The other main character in this novel is Dr. Simon Jordan, the doctor who assists Grace/Mary to remember her involvement in the murders. What did you think of this character and his motivations? Does he make a judgement on her guilt/innocence throughout the novel?


Maureen B. | 212 comments I felt rather sorry for Dr. Simon. Young, idealistic, burdened with appetites he tried valiantly to ignore--and, it seemed to me, fascinated and outsmarted by the attractive and never attainable Grace. My take is that he teetered between the hope that she was innocent and unknowingly captivated by the possibility that she wasn't. Once he knew the truth, the game was up; he couldn't deceive himself any longer.

As for mental illness, his views were well ahead of their time but perhaps he was a better theoretician than practitioner.


Allison | 396 comments Maureen wrote: "I felt rather sorry for Dr. Simon. Young, idealistic, burdened with appetites he tried valiantly to ignore--and, it seemed to me, fascinated and outsmarted by the attractive and never attainable Gr..."

What a great summary of his character, Maureen! Towards the end of the novel, there were many magnificent passages regarding him. I felt Atwood's writing take an amusing turn at this point. I thought the passage below was pretty all-encompassing (this is the scene before Grace is put under hypnosis by Dr. DuPont (a.k.a. Jeremiah):

As for Simon, he senses that his face is set in a skeptical and not very pleasant sneer; but that's a false face, as underneath it he's eager as a schoolboy at a carnival. He believes in nothing, he expects trickery and longs to discover how it is worked, but at the same time he wishes to be astonished. He knows this is a dangerous state of mind: he must preserve his objectivity. p.478

My feelings of his character in general were pretty much spot on yours, Maureen. I found him to be heavily preoccupied with sexual fantasies, a scientific thinker at all costs, and somewhat naïve in his youthful ways, clearly inexperienced in his approach to therapy and clearly no match for Grace. I thought the descriptions of him were definitely tinged with humour ... he is a bit of a doofus to me ... I wonder if Atwood was using his character for a bit of comic relief -- a foil to Grace's calm and collectedness, and of course very clever and criminal (or was she?) demeanour.


message 4: by Darrell (new)

Darrell | 55 comments I agree with Maureen regarding the good Doctor's internal thoughts that seemed to clash with his external appearances. There seemed to be a bit of cognitive dissonance, which strikes me as a bit funny given that he's a psychologist but also makes for an interesting character because of those internal conflicts and almost a slight lack of self-awareness given that you would assume someone of Simon's profession would ideally be more self-aware. Or perhaps he was self-aware but just repressing those conflicting emotions and intrusive thoughts?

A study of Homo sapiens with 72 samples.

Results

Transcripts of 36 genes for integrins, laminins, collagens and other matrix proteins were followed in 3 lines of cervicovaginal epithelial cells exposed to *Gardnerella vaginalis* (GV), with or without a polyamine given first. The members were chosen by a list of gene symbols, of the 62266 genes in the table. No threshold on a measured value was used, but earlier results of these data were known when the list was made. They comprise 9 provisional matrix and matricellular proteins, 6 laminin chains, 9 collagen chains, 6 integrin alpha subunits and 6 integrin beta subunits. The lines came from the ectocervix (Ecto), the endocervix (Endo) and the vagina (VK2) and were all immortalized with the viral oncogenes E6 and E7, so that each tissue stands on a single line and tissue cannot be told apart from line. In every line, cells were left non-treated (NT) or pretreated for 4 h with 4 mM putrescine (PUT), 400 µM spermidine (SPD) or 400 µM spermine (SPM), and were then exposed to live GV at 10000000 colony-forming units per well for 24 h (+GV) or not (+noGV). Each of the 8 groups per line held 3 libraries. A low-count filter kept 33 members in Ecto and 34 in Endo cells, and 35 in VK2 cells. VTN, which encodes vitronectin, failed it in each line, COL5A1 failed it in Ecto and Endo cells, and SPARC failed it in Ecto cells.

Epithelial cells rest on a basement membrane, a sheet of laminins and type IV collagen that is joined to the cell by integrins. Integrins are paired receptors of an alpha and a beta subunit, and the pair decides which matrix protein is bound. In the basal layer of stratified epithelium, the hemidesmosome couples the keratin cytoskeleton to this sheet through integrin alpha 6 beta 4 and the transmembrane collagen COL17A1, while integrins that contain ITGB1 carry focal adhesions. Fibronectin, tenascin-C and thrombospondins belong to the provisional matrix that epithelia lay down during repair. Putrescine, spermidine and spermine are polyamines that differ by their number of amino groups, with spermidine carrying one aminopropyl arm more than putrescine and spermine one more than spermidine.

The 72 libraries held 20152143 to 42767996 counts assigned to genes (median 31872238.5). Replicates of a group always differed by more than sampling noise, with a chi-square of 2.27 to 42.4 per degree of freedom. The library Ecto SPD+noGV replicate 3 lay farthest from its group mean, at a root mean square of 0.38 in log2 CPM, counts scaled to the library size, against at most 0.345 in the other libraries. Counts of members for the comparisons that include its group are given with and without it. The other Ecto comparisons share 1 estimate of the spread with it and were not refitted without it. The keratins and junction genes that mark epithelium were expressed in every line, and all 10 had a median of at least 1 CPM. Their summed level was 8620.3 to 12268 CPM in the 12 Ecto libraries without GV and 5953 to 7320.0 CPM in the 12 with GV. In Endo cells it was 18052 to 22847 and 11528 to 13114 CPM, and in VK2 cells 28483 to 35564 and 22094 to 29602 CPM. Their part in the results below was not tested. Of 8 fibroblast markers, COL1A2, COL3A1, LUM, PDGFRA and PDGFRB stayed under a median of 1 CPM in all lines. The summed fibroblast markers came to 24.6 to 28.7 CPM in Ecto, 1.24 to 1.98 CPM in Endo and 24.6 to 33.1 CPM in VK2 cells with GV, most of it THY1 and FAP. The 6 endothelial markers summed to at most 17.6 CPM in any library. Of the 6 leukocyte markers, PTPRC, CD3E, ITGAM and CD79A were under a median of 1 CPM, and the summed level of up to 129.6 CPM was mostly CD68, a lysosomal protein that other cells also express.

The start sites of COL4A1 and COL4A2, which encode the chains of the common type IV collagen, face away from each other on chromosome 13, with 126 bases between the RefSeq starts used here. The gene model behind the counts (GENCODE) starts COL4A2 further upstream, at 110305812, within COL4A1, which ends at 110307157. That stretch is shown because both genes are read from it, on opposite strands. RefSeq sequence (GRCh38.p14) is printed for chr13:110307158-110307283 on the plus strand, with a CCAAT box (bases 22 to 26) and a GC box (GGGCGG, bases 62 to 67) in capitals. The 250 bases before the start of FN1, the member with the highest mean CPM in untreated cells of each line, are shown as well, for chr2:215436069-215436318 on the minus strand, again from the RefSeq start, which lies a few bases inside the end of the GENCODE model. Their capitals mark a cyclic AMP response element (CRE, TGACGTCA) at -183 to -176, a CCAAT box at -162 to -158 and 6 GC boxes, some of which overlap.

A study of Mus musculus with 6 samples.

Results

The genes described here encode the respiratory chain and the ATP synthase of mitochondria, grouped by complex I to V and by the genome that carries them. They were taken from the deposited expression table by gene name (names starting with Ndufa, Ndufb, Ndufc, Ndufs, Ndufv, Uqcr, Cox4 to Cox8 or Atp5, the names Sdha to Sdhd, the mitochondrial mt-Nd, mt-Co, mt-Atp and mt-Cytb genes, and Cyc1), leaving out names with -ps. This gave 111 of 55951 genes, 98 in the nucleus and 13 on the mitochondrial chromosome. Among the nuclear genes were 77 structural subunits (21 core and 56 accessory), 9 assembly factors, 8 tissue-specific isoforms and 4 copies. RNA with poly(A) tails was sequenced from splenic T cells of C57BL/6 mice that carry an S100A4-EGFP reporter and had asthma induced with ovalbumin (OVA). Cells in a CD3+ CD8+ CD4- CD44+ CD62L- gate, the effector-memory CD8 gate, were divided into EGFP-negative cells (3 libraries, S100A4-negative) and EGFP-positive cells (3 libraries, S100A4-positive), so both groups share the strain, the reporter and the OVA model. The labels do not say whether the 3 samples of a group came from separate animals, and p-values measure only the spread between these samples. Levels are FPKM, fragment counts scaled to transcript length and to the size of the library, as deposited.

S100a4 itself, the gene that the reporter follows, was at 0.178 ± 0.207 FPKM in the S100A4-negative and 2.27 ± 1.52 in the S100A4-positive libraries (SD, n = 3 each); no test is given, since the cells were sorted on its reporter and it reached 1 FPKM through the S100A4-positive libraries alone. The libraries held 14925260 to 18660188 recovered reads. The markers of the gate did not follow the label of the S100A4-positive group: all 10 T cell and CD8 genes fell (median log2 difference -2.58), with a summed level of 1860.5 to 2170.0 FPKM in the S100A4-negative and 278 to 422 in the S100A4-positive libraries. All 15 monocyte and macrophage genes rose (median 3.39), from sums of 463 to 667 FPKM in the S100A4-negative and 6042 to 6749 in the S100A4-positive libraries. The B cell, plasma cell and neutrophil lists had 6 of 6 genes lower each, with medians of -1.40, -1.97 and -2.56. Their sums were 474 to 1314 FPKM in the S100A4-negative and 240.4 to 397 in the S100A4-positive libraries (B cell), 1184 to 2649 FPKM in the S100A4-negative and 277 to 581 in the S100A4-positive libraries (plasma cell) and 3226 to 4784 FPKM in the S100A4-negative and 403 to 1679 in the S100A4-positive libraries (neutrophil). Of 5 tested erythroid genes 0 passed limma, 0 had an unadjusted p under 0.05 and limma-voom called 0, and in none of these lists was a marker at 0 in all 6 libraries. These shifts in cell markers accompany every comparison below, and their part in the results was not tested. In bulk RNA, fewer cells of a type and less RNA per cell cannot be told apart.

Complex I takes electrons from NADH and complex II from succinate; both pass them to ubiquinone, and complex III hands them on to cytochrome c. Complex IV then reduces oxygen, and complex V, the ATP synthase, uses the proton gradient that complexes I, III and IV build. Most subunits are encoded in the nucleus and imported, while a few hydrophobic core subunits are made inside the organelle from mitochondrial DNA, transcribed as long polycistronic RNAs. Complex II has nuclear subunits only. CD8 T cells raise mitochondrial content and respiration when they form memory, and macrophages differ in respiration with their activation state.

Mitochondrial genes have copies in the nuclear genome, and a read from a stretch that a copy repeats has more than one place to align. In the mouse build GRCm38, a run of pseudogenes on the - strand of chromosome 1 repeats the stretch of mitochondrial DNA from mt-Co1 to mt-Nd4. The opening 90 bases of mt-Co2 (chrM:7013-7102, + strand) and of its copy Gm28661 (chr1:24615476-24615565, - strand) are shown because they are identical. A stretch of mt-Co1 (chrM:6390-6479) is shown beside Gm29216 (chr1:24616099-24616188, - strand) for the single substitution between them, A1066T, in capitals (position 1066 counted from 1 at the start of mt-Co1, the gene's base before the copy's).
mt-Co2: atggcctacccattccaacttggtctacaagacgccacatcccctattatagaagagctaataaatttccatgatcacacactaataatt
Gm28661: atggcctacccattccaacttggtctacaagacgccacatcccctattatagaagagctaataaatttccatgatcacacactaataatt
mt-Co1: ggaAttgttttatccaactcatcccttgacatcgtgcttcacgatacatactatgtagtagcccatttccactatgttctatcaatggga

Maureen B. | 212 comments Ah yes, and dear Grace, I found her to be an interesting study. Although I had sympathy for her, there was so much unspoken in her behaviour. Still have so many questions! :-)


Maureen B. | 212 comments Darrell wrote: "I agree with Maureen regarding the good Doctor's internal thoughts that seemed to clash with his external appearances. There seemed to be a bit of cognitive dissonance, which strikes me as a bit fu..."

Sorry, Darrell, your message didn't show up until after I'd responded and what you bring up is something I wondered about too. It must be difficult being a psychologist, being sane all the time, and especially so at a time when no one believed that much could be done about the criminally insane! I think he ultimately acquitted himself well though, although the outcome was somewhat ironic.


message 7: by Allison (last edited Oct 28, 2016 10:37AM) (new) - rated it 5 stars

Allison | 396 comments Maureen wrote: "Ah yes, and dear Grace, I found her to be an interesting study. Although I had sympathy for her, there was so much unspoken in her behaviour. Still have so many questions! :-)"

I have many questions about Grace, too! If Jeremiah is a fraud (as he must be according to their discussions earlier in the story before the murders took place), then are we to assume the whole hypnosis was a game to both Jeremiah and Grace? If so, then there is something very disturbing in Grace's character that we cannot ignore. Or, did she by chance have a split personality, like the modern tale of Sybil?

What does everyone think?


Sylvia Valevicius | 81 comments I like what everyone in this group added to the explanation of the character of Dr Simon Jordan, but as for Grace -it's Atwood teasing her readers by making her fictional version highly complex & game -playing. Let's face it -an intriguing novel -job well -done!